3D printing is no new concept – in fact, it’s been around since as early as 1984 when printing with materials was first introduced. Much like ink jet printing, three-dimensional printers work by depositing layers of materials like plastic, and more recently, wood. Through this process, a physical object is created from a digital source. But what was once seen as a technology for manufacturing and medical fields, we’re now embracing in modern design.
Just recently we’ve started to see a shift in technology within the fashion industry, and the idea of wearable tech is gradually becoming more and more toyed with. We’ve seen it with Google Glass and Vodaphone’s new ‘Power Shorts’, and now we’re seeing it develop in within high fashion. Just this week Victoria’s Secret’s annual winter show featured 3D printed snowflake designs.
Manufacturing companies like Shapeways (who produced the first ever 3D printed dress, modelled by Dita Von Tees), and Materialise are working with innovative designers such as couturier Iris Van Herpen to produce 3D designs that shape the body, are flexible, and can even be washed multiple times like our typical everyday clothes. This new medium of design allows fast production times, reduces material waste (think of all the plastic we can recycle), and of course, brings a whole new aesthetic to the way we understand fashion.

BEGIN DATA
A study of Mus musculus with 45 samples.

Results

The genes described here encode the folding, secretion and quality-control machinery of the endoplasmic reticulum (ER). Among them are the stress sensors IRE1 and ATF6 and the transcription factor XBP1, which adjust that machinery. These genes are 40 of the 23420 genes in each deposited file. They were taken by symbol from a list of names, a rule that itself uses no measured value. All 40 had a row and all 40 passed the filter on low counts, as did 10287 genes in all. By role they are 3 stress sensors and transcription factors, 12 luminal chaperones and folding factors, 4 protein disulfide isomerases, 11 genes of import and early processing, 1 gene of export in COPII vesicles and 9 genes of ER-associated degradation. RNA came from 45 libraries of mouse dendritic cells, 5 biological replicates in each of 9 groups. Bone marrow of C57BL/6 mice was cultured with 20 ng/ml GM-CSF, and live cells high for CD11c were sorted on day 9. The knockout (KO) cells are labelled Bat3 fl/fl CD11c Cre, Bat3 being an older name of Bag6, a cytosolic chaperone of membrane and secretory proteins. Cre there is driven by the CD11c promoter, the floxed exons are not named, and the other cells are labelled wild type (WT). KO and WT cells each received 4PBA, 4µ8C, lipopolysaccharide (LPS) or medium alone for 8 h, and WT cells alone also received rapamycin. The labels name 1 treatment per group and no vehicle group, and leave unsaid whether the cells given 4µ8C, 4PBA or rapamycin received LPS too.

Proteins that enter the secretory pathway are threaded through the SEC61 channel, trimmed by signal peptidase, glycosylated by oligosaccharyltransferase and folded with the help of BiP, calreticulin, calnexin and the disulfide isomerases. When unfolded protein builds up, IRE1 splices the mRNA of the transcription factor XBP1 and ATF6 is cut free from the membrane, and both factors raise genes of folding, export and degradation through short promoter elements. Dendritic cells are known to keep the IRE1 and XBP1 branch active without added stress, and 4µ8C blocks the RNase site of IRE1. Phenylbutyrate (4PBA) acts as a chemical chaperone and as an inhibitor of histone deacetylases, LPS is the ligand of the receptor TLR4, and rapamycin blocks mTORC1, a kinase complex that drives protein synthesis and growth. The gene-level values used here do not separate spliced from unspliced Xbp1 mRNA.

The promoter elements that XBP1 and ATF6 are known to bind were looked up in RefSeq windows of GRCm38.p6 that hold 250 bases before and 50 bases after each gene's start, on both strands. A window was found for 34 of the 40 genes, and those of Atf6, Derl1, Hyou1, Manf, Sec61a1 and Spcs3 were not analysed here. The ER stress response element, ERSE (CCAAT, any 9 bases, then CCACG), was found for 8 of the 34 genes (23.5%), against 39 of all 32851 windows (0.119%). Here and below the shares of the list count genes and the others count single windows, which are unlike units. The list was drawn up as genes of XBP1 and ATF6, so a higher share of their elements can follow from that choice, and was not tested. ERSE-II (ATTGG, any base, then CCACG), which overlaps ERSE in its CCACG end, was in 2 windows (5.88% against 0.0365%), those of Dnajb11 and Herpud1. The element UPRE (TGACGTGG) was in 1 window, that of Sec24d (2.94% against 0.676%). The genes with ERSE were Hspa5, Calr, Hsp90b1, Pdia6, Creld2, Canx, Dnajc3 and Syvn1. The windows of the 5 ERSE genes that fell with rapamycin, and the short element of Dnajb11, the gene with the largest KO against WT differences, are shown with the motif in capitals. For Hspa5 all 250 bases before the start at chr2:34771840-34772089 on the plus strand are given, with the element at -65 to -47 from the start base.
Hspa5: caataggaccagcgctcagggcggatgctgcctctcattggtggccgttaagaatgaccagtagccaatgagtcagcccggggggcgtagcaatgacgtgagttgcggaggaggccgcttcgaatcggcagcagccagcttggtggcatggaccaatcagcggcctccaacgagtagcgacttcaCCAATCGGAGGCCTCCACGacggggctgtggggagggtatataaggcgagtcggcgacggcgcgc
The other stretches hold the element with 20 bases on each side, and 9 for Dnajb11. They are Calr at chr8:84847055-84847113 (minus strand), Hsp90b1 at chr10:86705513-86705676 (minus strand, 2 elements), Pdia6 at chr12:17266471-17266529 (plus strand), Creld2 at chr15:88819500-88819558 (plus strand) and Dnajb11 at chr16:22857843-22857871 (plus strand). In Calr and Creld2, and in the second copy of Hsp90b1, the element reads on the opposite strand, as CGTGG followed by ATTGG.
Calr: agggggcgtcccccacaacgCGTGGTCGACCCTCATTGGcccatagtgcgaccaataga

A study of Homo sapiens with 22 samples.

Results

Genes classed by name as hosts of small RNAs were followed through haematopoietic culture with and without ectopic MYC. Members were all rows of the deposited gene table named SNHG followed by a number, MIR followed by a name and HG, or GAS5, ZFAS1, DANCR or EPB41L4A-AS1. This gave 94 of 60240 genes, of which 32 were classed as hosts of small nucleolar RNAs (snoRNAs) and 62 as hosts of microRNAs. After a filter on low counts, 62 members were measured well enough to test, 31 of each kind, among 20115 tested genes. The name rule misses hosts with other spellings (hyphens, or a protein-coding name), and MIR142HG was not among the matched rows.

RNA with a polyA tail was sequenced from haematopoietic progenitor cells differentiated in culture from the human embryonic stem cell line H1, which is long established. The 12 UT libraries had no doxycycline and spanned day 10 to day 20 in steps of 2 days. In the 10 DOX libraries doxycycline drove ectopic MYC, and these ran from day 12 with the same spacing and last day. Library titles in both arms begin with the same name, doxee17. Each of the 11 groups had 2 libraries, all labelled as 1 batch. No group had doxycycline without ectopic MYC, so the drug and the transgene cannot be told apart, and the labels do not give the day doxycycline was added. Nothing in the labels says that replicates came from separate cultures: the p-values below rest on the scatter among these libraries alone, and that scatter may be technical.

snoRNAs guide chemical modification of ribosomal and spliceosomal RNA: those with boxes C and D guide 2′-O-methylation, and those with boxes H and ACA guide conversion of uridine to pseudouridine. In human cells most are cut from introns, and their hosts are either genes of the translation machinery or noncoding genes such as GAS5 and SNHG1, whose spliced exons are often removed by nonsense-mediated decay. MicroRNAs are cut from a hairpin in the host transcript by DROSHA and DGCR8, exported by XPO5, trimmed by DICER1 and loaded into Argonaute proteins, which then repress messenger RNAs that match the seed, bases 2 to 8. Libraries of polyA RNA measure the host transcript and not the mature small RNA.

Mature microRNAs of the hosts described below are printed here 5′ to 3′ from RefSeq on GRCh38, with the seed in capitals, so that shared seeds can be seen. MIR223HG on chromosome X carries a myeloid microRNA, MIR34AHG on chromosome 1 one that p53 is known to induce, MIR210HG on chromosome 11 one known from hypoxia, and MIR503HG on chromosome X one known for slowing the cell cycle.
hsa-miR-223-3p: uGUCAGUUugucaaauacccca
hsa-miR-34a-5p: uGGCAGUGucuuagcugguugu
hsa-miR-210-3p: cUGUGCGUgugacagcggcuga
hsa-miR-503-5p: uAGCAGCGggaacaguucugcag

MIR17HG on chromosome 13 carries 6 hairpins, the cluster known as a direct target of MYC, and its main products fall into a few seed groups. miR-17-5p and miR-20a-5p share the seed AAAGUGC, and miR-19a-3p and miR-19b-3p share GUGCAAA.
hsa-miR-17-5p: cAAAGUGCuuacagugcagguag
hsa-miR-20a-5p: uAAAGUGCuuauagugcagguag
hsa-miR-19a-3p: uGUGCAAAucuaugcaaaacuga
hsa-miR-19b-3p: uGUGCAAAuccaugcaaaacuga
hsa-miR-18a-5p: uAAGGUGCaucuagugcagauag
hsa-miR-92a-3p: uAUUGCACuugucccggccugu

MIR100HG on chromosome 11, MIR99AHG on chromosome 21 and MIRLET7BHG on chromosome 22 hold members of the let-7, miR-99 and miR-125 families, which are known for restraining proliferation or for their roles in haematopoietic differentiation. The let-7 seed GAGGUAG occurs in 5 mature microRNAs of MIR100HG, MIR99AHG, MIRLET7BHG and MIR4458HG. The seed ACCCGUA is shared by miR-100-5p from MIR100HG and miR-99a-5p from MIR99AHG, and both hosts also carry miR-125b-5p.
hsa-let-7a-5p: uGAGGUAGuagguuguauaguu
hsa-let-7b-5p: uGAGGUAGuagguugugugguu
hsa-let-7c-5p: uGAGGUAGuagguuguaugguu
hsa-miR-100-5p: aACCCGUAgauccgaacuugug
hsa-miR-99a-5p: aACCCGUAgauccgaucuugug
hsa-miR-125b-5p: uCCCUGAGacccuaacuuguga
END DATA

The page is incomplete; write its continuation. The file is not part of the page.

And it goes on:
At the moment, accessory and trainer companies are the ones immediately benefitting from this breakthrough. High profile footwear labels like Nike and Adidas are working on producing multiple prototypes of their trainers, and are doing so at breakneck speeds. This also means being able to cut down from 12 prototype technicians to just two.
Over the last couple of seasons, we’ve seen 3D Printed hats, jewellery and even shoes hit the runway. Malaysia recently held a fashion week solely dedicated to 3D printed design. A sign of things to come? I’m particularly interested in how we, as consumers can use this technology for ourselves. How long will it be before we’re browsing the web, and printing out our favourite finds manually from the comforts of our own home?
- 3D Printing in fashion is still at its development stage and materials are limited. At the moment plastics, and more recently, wood, are being used predominantly.
- As consumers it forces us to look at clothes in a more mechanical, precise way.
At the moment the industry appears to be going through a tech revolution. If we continue to push the boundaries of wearable tech, we can expect to even see 3D printing stores, and even specialist 3D clothing and accessory labels in the future.